I tested the 5K version of the mino. This sampler gives you an idea of how the shoe tracker works within a shorter distance. The caution light comes on after running a 5k distance and the dead indicator will light up after 5 miles. I put the tracker into my shoes quickly and easily, then headed out for a 3 mile run. When it comes to running gear, I tend to be a lot like The Princess and the Pea. I notice petty little things that most people can easily ignore. I have to admit that I could feel the 2.5mm difference in my shoes. I thought I was over-reacting initially, because, come on, it’s 2.5mm! I figured I’d settle in after a bit, but since I run in minimalist shoes, I did notice the slight change in the drop.
One of the minos has a chip in it and the other is just to keep the shoes at the same drop. Not long into my run I could tell which shoe had the chip in it, as it felt harder than the other side. Again, the lack of much cushioning in my shoes had to be the issue, because it became very uncomfortable under my heel during my short run. (Go ahead, call me Princess!) I’m sure if I had more cushion in my shoes I wouldn’t have noticed the slight difference. I was really bummed that I noticed the tiny little device, because I love the idea of knowing when it’s time for new shoes.
When I got back from my run, I took out my insole and pushed the button to see the lights come on indicating “caution.” Just as advertised, the 5K mino seemed to accurately measure my distance and it lit up indicating “cautio.” When I took the minos out of my shoe, I discovered that they were well set. The stickiness that put them into place was a challenge to remove. A good sign, as you don’t want the trackers moving around once you put them inside your shoes. And, with the real version, you shouldn’t need to remove them during the life of your shoe, so the stickiness is important.
Since I seemed to be so sensitive to the mino inside my shoe, I contacted mino and let them know about this issue. They agreed with my assessment that my minimalist shoes were most likely the issue. They were kind enough not to tell me that I must be a pansy if I felt the tracker. 🙂 I asked if I could use them in my workout shoes or shoes meant for other activities besides running. They assured me that the mino would work for any activity and could still track the life of the shoe. So, I decided I would try the tracker in the shoes I wear to work/workout.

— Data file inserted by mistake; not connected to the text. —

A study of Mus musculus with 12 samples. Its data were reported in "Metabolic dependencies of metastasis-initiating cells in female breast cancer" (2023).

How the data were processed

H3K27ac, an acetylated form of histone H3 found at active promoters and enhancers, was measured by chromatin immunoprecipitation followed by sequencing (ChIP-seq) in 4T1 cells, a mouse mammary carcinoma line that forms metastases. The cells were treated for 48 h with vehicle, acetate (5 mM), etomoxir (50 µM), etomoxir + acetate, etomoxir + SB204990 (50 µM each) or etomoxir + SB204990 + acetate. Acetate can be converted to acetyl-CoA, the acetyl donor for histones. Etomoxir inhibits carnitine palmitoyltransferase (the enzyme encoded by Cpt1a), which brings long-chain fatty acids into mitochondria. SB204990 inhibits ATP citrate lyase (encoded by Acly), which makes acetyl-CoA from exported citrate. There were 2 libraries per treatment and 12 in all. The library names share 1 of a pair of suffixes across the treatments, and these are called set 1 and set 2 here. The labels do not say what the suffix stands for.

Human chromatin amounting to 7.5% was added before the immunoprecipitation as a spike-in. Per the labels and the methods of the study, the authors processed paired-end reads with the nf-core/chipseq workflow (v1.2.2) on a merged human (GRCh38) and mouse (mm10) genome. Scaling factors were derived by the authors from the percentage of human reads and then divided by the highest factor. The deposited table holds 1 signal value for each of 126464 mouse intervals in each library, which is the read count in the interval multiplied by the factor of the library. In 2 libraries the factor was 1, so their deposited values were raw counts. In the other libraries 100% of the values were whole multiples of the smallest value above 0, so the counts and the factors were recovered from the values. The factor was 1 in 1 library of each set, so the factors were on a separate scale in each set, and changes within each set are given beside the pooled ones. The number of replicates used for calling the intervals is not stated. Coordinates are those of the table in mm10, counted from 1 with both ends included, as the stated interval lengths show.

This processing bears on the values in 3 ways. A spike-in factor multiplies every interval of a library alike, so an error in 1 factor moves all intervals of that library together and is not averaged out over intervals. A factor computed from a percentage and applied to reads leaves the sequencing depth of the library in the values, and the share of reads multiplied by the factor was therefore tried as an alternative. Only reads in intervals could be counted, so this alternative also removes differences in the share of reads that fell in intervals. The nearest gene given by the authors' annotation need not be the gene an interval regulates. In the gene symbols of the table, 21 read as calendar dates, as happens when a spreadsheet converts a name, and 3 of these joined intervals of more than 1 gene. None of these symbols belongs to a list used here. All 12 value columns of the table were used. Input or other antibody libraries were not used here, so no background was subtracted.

As a personal trainer, I spend most of my day on my feet and in running shoes. I chose a “cushier” pair of shoes and inserted the minos before heading to work. I could tell they were in my shoes, but I didn’t feel the hardness of the chip like I did in my other shoes. Eventually I pretty much forgot about them. I even did a High Intensity Interval workout without noticing anything at all. Awesome! Since I have multiple pairs of shoes that I wear to work and for working out, the minos are ideal. I alternate between 3-4 pairs of shoes throughout the week, so I can’t accurately track how much wear is on each shoe. Inserting a mino in my shoes (when new) would help me make sure I didn’t wear one pair for way too long – which I tend to do. I usually notice that my shoes are too old when my feet start hurting, and we all know that is a little too late! I plan to try out the real version of mino in my next new pair of workout shoes. I know it will give me a better idea of shoe life, keeping my feet happier.
Overall, I would recommend mino if you, like me, need help tracking how much mileage you’ve put on your shoes. However, I would not recommend them if you are running in minimalist shoes or if you have a Princess and the Pea complex when it comes to your running shoes. If you’ve got a handle on tracking the life of your running shoes, consider using mino in other shoes you may be wearing too long. As long as you have a removable insert in your shoes, minos can be used to track your shoes with any kind of activity.
You can purchase your mino Shoe Life Trackers here. They are $15 for one pair, $25 for 2 pairs, or $30 for 3 pairs.